Bright Flowers, Bountiful Vegetables Thrive Together
“Companion planting” offers more than color and texture
In a garden, few things are as lovely as white pentas growing next to yellow lantanas growing next to blue asters. Except perhaps interspersing green beans and red tomatoes. Besides adding color, texture and interest, “companion planting” vegetables with flowering plants actually offers myriad benefits.
“Flowering plants help attract pollinators such as bumblebees, carpenter bees and butterflies,” explains Roy Beckford, Ph.D. He is county extension director at the University of Florida’s Institute of Food and Agriculture Sciences, or UF/ IFAS, office in Lee County.
Vegetables to consider for companion planting include lettuce, peppers, tomatoes, eggplant, herbs, watermelons, squashes, cucumbers, beans and peas. Dianthus, lilies, hyacinths and irises are good choices to add as flowering plants. They offer great color and also provide scent.
“Incorporating aromatic plants is the basis for aromatic gardens,” Beckford adds. Such gardens are “designed to ignite the senses.” Many herbs also add scent and color. Certain herbs, including basil and rosemary, can help repel insects such as mosquitoes and flies.
“I added lavender to my garden to help keep the pesky bugs at bay,” notes Angela Murphy of Cape Coral.
She has a flower and vegetable garden in her backyard, with peas, green beans, tomatoes— and red zinnias and yellow lantanas.
Murphy says, “I also wanted to add a little color to my vegetable garden, so I added flowers.” She enjoys cooking with lavender and says she may add rosemary to her garden to help ward off mosquitoes.
She grows bay leaves in pots near her front door. Besides being a great herb for cooking, it can repel cockroaches, moths and other pests. “I actually keep dried bay leaves in my cupboards to ward off the bugs,” explains Murphy.
There are other plants that keep bugs and bigger pests at bay. “Planting peppermint, rosemary or marigold around vegetable crops can repel some bugs, and even other critters like mice and rats,” Beckford notes.
To keep pests away from any garden, try a “diversion plot.” Beckford says, “Growing some crops, such as amaranth,
can establish a diversion plot where pests will go instead of on actual food crops.” However, once the diversion plot is full of the pest it has to be harvested and removed, or used as green manure in the compost bin.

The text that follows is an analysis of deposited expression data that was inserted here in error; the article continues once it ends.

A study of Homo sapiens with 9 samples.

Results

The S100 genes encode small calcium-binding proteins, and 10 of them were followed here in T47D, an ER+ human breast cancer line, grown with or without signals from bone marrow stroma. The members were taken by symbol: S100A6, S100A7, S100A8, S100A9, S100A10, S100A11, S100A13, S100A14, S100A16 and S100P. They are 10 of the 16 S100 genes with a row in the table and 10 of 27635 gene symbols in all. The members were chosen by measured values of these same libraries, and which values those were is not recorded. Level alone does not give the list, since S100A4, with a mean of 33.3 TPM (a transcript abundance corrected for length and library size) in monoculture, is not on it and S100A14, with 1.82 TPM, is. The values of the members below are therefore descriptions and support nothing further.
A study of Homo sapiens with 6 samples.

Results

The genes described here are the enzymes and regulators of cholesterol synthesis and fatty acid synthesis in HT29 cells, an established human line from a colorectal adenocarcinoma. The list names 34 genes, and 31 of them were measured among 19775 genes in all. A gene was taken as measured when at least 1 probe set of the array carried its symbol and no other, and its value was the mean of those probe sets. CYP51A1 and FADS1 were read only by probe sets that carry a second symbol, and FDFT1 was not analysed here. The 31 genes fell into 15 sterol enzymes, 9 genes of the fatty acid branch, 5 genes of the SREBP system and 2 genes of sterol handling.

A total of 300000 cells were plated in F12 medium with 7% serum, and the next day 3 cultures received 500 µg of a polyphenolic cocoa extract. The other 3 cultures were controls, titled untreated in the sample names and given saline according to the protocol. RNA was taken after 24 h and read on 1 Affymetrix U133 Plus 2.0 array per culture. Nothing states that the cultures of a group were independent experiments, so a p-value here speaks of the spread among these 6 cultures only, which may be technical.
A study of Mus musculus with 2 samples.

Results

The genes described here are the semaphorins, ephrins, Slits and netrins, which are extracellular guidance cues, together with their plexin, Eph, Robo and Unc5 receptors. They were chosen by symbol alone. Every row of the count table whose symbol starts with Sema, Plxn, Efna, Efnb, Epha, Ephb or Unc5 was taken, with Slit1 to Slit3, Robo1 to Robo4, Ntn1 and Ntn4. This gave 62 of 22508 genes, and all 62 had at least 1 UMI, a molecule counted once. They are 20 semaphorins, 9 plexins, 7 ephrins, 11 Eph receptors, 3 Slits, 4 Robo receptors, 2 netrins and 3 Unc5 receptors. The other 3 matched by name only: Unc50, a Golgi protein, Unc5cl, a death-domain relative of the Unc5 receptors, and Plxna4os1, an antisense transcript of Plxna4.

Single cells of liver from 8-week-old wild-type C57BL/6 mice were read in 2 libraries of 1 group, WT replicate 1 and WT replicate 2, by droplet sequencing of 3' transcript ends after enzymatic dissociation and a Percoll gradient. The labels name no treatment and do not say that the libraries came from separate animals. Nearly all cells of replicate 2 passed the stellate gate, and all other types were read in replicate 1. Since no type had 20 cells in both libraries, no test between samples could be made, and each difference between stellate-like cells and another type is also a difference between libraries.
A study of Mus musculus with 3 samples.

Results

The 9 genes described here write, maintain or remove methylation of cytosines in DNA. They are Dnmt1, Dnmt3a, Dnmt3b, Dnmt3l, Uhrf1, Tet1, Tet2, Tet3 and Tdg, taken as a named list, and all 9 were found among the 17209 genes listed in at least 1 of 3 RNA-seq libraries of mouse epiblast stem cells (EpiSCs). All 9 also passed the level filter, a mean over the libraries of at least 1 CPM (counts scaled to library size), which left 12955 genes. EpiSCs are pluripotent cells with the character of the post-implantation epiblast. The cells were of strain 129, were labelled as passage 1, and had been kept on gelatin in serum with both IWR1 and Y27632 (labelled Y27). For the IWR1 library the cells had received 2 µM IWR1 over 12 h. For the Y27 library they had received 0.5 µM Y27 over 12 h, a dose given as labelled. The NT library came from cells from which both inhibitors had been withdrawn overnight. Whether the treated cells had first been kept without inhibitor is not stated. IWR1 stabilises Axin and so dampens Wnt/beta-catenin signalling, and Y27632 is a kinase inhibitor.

When it comes to companion planting, the height of plants should also be taken into account. Tall plants and climbing plants can help add shade, and some plants actually thrive when grown together. “One example of this is corn and beans, as the beans climb up the corn plant and can help with shading,” adds Beckford.
Plants such as broccoli and cabbage are “heavy feeders” of certain soil nutrients, such as nitrogen. Thus they require co-crops, such as beans and peas, to help replace nitrogen in the soil.
Low-lying plants, including sweet potatoes, can grow in small places and will offer ground cover. “The ground cover can assist with water savings or moisture retention … a good source of potassium-rich tubers while other crops, or flowering plants, grow above the vines,” Beckford explains.
Of course, the “right plant” in any given situation depends on the type of soil—sandy, silty, clay-like, loamy, peaty or chalk- like—and whether or not the plant needs a lot of sun or can tolerate shade. Also important are drainage and watering needs of the plant, and what other types of plants grow well with it.
Companion gardening is becoming more and more popular. Many of the gardeners at the Community Garden of Lakes Park in Fort Myers choose to mix vegetables with flowers. Each of the local gardeners rents a 4-foot-by-8-foot raised bed, in a fencedin area of the Community Garden, for $60 a year. (Currently, however, there is a waiting list to rent a raised bed.)
Classes to assist gardeners are taught by extension agents and local growers at the Community Garden. And excess food is often given to a local food bank.
Lakes Park is also home to the 18-acre Botanic Garden and the Children’s Discovery Garden, where more wonderful plants can be enjoyed. Volunteers are always welcome to help maintain the grounds of the Community Garden and the Children’s Discovery Garden.
Ann Marie O’Phelan is a Southwest Florida resident and regular contributor to TOTI Media.
The interspersing of flowers and veggies in the garden beds at Fort Myers’ Community Garden of Lakes Park has many benefits, including attracting pollinators.
These flowers help repel insects and attract pollinators to “companion” garden beds at the Community Garden of Lakes Park. They also provide lovely aromas.
Lovely flowers and veggies are grouped together in collective beds at the Community Garden of Lakes Park. And many of the gardeners also add a little whimsy.